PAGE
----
Eye of the storm

    Tracey Grant offers her take on the region’s broadcast sector in 2015
    Tracey Grant, IDC.
    Tracey Grant, IDC.


    Tracey Grant, program manager, digital media and broadcasting, MEA, IDC Middle East, Turkey & Africa, offers her take on the region’s broadcast sector in 2015.

    DB: What were you impressions of 2015 from a broadcast perspective?

    TG: The MENA broadcast industry finds itself in the eye of a storm, with 2015 characterised by a state of constant flux. There have been some seismic shifts in the region’s broadcast ecosystem; regional OTT providers are launching thick and fast, the IPTV offerings from GCC telcos are beginning to compete directly with Pay-TV offerings, and the duopolistic Pay-TV giants of OSN and beIN Entertainment are now both negotiating entertainment rights. The broadcast market’s major players are now more focused than ever before on striking a balance between investment and subscriber acquisition, and the year to date has brought about changes across the entire broadcast ecosystem as global trends have filtered into the market and been tweaked to reflect local nuances. An increase in the variety of content choices, price points, and delivery options are all great news for consumers, and IDC expects 2016 to see a consolidation of services and ambitious monetisation plans from broadcasters.

    DB: What were the main challenges in the industry in the past year?

    TG: The core challenges remain the same, with a few new contenders thrown in for good measure. Piracy, the scourge of the Middle East, continues to impact the industry on a large scale. However, we are beginning to see strategies implemented by broadcasters to try and curb it. OSN and MBC have played a fundamental role this year in educating consumers and applying significant pressure on regulators, and the result has been a number of successful anti-piracy raids and the disruption of DTH overspill services. There has also been a movement towards questioning advertisers that continue to buy spots on FTA channels that transmit pirated content.

    A more recent challenge to broadcasters in 2015 has been the saturation of OTT providers across MENA, and we see no signs of this trend letting up in 2016. While a Netflix launch in 2016 is almost inevitable, together with the launch of studio-specific owned and operated SVOD services, local OTT providers that are already in this market are honing and reviewing their strategies in order to complete effectively with the more dominant global players. The digitally native, mobile-first audience that characterises much of the MENA region continues to challenge delivery, experience, and technical aspirations of the major broadcasters, and the result is the implementation of more elastic and intuitive systems aimed at addressing these continually evolving wants and needs.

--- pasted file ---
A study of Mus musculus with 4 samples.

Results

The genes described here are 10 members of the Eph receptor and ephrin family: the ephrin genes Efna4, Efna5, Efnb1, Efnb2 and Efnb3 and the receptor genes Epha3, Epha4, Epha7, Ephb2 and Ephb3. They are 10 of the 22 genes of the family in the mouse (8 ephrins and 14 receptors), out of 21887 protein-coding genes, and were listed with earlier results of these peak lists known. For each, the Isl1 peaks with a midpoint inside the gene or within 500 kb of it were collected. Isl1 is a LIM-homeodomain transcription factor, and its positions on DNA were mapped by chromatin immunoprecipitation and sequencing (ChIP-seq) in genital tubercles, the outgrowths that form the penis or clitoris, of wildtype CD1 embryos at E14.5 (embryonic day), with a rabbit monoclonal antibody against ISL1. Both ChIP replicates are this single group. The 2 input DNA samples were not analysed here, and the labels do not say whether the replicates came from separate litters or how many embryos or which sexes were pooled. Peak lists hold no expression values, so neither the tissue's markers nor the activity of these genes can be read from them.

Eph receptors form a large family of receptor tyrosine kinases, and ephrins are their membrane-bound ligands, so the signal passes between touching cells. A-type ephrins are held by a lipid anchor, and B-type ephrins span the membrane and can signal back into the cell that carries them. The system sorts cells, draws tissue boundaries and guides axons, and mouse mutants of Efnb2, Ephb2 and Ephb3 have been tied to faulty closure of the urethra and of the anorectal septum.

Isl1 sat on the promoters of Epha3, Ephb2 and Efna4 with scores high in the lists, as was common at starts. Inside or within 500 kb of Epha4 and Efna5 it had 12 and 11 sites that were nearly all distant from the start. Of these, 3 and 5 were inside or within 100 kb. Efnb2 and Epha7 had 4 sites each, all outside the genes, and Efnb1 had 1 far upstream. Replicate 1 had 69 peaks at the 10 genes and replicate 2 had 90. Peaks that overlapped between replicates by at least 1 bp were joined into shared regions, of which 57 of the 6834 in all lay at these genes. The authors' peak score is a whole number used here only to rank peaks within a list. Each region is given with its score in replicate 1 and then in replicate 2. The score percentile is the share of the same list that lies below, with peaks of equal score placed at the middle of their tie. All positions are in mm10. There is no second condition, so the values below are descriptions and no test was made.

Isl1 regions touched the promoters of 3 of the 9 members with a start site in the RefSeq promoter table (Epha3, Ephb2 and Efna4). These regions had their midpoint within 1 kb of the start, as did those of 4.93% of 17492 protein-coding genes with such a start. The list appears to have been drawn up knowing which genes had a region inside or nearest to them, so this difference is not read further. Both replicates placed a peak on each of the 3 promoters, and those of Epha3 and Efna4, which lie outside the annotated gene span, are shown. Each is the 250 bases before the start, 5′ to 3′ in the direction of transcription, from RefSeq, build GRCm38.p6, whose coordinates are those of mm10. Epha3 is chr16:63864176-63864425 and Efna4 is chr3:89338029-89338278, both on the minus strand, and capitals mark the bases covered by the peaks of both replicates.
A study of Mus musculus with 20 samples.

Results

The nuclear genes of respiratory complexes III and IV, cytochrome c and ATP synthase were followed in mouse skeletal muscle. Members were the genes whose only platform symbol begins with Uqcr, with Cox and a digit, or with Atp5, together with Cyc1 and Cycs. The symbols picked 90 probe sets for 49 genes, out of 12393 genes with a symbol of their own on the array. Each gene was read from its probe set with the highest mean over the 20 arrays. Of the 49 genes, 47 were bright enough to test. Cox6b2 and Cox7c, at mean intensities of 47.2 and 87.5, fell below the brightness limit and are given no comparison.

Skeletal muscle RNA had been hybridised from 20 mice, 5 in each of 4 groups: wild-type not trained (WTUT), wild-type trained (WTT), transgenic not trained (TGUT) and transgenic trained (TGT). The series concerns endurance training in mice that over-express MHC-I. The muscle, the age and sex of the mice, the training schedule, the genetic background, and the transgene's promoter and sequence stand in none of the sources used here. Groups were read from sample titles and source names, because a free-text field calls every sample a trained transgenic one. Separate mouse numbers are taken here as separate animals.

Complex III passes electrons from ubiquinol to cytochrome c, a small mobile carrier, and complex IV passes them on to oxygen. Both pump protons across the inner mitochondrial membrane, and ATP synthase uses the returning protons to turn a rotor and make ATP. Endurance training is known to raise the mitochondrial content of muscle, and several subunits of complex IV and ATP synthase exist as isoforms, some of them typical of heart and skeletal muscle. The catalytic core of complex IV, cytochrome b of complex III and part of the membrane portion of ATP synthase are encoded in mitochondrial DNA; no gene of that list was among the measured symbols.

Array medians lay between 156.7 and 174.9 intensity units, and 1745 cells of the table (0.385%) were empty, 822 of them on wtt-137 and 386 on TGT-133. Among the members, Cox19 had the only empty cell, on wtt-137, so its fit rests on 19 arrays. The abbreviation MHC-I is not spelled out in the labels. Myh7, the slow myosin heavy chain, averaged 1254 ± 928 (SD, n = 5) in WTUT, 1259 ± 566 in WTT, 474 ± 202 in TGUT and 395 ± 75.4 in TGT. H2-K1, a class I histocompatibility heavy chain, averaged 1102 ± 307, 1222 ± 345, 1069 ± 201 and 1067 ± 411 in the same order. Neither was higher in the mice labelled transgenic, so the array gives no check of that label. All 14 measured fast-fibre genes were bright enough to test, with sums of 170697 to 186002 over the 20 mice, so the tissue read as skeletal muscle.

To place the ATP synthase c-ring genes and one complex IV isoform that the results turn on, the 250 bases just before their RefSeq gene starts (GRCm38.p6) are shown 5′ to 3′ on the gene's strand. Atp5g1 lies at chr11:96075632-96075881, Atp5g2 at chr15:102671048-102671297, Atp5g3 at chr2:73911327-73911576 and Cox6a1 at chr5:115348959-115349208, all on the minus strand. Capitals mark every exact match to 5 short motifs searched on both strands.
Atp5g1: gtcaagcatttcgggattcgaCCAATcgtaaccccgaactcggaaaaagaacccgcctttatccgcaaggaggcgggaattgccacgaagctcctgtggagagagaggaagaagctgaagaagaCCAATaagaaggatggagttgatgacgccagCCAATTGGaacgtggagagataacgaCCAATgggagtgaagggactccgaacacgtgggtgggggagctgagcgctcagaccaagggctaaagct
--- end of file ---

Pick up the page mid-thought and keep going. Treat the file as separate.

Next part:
DB: What was your perception of the overall business climate in 2015, and what were the biggest milestone?

    TG: Given the current state of the region’s geopolitical environment, it is hardly surprising that the business climate is also in a state of flux. However, content, entertainment, and mobility continue to dominate youth culture and even go some way to feeding the need for news, sport, and entertainment. Content consumption has grown in 2015 but there is overwhelming demand from consumers to have access to content wherever, whenever, and however they want. Addressing this demand will be key to broadcasters being positively viewed as relevant and informative and as a viable medium of escapism.

    The broadcast landscape at the end of 2015 looks very different to how the year started. The launch of beIN Entertainment must be viewed as one of the year’s biggest milestones, alongside Fox switching its channels from FTA to Pay. MBC’s launch of its paid service, Shahid Plus, with content ring fenced by a paywall is another significant milestone; the fact that the region’s leading FTA broadcaster has established an SVOD service is testament to the changing dynamics of content cost, delivery, and consumption.

    Zain’s relationship with Saudi-based UTURN Entertainment also highlights the perceived value associated with original programming, while the introduction of cash-on-delivery options by OTT player Starz Play is a clear example of the region’s local nuances forcing broadcasters to think outside the “global” box as they strive to monetise their content. I’m certain that the region’s broadcasters will now look to move away from the eye of the 2015 storm and into the evolving, rolling landscape that awaits in 2016.